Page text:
The government was shut down this past week, but apparently that fact does not necessarily mean that nothing was done. I suppose the folks over at the FBI were still working (probably without pay), because there were many internet crackdowns that took place, most notably on the black-market site ‘Silk Road.’
Silk Road, the “eBay for drugs”, was an international website which used bitcoins as its currency in an attempt to keep its users anonymous. Despite that precaution and many others, such as having prospective dealers pay an initial fee to begin selling on the site, Silk Road’s alleged founder Ross William Ulbricht (aka. Dread Pirate Roberts) has been taken into custody and transported to New York to face his charges.
Aside: “Nice one Ross! I like The Princess Bride too!”
These charges include: narcotics trafficking conspiracy, computer hacking conspiracy, and money laundering conspiracy. Ulbricht has also been accused of attempting to hire a hitman to murder one of his former employees.
It seems as time goes by, the anonymity of those who use the internet continues to wane. Everyone’s identity is somehow exposed. Yet, there are still people wearing Guy Fawkes masks, claiming to be legion, and claiming to be anonymous.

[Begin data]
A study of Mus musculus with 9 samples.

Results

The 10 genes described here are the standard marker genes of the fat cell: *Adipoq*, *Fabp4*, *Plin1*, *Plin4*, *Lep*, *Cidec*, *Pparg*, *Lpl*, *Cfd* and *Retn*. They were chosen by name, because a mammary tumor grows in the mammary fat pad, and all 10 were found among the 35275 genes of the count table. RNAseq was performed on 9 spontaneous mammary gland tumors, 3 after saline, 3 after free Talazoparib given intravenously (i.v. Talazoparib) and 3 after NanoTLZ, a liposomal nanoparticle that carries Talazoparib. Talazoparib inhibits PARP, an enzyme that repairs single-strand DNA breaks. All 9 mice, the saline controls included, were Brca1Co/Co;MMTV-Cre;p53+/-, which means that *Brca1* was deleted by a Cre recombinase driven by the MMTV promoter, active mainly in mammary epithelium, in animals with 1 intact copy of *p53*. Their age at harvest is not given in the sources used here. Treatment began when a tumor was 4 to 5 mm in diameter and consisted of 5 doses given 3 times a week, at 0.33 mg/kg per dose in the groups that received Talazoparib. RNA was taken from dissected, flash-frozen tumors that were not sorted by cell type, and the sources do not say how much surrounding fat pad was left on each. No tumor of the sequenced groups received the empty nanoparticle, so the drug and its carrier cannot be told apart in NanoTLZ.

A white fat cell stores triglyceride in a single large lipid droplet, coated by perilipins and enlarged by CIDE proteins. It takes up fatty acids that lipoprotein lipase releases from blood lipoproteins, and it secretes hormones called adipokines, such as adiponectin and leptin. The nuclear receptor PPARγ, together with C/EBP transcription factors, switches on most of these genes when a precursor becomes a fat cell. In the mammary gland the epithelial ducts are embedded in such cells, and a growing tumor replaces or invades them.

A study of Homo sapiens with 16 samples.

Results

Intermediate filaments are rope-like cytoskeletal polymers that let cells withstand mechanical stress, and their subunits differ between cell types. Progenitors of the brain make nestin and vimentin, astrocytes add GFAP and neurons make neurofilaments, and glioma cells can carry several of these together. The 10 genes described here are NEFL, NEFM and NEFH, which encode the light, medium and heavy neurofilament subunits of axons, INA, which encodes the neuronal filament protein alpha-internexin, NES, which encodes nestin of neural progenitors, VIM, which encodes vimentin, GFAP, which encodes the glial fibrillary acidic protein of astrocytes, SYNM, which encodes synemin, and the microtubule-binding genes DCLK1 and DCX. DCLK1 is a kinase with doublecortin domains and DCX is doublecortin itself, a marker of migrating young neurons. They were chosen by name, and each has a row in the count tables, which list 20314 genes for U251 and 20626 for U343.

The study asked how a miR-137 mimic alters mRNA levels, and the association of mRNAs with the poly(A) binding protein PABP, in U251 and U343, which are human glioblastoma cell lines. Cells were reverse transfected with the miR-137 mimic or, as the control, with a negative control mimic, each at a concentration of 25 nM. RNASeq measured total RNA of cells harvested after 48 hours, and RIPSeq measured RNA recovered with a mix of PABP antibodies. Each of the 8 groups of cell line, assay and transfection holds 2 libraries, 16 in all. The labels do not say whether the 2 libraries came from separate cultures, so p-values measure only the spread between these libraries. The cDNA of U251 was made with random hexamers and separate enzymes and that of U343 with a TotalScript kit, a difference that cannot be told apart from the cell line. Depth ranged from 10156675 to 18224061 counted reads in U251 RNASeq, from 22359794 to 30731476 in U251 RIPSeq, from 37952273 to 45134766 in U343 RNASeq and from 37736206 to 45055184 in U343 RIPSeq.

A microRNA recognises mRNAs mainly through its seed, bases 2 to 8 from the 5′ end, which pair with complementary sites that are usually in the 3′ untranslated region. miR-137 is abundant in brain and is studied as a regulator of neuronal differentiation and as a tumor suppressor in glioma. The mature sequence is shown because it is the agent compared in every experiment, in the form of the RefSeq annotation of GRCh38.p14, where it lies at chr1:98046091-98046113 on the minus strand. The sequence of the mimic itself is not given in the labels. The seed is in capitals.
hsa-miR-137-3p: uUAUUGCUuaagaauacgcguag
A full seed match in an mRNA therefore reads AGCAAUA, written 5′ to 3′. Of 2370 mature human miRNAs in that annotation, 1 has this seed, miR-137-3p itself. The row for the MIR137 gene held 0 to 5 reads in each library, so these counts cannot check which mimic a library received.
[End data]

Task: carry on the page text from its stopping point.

Well, after this past week’s revelation of approximately 13 members of Anonymous, Indigo Montoya has something to say to those who claim anonymity.
That message is doubly true for the following individuals mentioned by the Verge:
“The Verge has learned that defendant Phillip Simpson is a 28-year-old IT professional who works for a test-preparation service. Anthony Tadros, 22, is a student at the University of Connecticut, who ironically once worked as a security analyst for the school, according to his Linked-In profile. Geoffrey Commander is 65 years old. And then there’s Ryan Gubele, a 27-year-old who is a former contract employee for Amazon. In June, Gubele began working as a site reliability engineer for Twitter — and is currently still employed there.”
Anonymous is best known for having shut down bank sites that had refused to process server payments for WikiLeaks and for supporting the Occupy Wall Street movement, which is basically nonexistent now.